Q: I am 15 and receive Social Security, which goes to my Mom. Should she should give me the money?
A: When a person younger than age 18 receives Social Security or Supplemental Security Income (SSI), the payment is almost always sent to an adult on their behalf rather than directly to the child. This adult is called the representative payee and it is his or her responsibility to direct the management of the funds.
Representative payees are also appointed for adults who are incapable of managing their benefits. Payees are often family members but can be different people or even an organization.
In the booklet A Guide for Representative Payees, a new payee is instructed in how funds should be used and how funds not immediately needed should be held for the future. Payees are told about required reports to Social Security about the funds. Representative payee instructions go into detail about how funds are to be used.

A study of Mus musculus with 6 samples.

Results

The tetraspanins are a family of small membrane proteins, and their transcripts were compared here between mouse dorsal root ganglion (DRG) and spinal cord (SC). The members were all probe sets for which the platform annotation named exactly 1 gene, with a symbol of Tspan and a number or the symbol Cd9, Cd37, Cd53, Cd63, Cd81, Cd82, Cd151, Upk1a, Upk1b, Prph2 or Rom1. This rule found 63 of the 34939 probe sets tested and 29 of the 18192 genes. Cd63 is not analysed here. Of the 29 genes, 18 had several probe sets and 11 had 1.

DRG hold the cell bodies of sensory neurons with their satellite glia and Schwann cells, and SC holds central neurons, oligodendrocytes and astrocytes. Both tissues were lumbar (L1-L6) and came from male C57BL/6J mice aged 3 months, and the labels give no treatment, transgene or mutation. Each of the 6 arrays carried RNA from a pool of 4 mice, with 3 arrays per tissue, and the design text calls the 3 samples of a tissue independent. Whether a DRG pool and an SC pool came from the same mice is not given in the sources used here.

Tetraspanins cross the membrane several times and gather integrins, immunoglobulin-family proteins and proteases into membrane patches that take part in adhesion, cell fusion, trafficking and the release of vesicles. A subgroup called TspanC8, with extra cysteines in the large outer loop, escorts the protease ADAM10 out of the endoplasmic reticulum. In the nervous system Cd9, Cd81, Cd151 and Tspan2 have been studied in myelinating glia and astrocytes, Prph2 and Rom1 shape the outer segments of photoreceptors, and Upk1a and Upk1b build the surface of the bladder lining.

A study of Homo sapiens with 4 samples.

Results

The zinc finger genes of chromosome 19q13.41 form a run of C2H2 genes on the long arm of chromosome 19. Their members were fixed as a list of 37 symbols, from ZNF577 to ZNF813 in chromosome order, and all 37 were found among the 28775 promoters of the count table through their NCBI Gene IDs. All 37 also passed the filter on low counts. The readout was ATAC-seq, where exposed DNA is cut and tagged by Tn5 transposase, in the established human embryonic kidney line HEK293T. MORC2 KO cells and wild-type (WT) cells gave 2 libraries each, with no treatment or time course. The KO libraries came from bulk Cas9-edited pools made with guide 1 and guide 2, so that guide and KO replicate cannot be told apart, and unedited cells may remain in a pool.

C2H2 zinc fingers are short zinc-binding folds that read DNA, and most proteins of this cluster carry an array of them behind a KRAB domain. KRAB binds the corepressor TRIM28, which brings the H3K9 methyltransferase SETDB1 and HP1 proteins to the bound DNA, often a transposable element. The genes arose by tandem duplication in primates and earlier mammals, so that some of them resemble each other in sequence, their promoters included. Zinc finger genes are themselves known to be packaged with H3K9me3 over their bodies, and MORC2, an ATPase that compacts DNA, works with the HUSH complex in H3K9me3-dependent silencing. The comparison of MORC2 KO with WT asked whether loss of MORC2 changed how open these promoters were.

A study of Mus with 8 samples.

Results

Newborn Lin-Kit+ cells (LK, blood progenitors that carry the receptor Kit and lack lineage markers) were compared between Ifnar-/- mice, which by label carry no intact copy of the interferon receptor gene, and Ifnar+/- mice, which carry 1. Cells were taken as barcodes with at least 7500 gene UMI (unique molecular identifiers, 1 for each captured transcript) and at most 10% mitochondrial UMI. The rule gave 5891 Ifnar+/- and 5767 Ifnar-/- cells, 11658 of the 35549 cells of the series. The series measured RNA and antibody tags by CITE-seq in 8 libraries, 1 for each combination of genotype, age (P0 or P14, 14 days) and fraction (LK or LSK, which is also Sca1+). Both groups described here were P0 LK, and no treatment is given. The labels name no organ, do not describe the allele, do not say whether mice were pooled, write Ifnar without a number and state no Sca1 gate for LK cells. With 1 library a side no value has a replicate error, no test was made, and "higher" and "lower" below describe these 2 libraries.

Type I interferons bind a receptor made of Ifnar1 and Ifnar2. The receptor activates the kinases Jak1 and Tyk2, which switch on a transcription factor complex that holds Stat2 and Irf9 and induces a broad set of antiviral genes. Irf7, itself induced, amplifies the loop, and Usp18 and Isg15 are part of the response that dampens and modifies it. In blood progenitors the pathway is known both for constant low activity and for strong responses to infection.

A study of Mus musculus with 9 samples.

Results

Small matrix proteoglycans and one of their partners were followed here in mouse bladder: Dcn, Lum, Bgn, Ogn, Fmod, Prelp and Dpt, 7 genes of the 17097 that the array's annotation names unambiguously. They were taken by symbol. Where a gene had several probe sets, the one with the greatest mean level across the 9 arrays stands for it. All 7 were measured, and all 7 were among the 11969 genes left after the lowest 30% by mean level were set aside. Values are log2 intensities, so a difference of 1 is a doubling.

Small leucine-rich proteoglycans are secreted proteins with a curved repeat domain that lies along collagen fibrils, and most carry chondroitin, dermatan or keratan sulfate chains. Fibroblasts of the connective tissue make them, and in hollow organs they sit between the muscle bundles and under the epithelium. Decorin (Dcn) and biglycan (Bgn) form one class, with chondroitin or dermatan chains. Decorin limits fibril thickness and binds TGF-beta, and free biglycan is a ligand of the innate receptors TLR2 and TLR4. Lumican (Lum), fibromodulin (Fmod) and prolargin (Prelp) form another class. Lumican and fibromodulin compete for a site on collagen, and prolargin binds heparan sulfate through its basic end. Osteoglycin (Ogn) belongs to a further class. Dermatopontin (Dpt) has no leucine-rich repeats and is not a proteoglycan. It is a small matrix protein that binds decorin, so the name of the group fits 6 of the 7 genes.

Should your Mom give you the money? Not directly but the funds must be used for you. Just handing the benefit money to you could mean that she was not exercising proper control of the funds in your best interest.
A key representative payee responsibility is to know beneficiary needs so that the Social Security or SSI funds can be best used for the person’s care and well-being, in particular making sure that day-to-day food and shelter needs are met. Having basic needs of food, shelter and clothing met indicate benefits are used for you even if you do not directly handle the money.
Social Security benefits for children might continue or end at age 18. If they continue past age 18, the child often starts to receive them directly, without having a representative payee. Consider asking your Mom to share or create a budget with you. This would show you how the funds are used while giving you practice in handling money.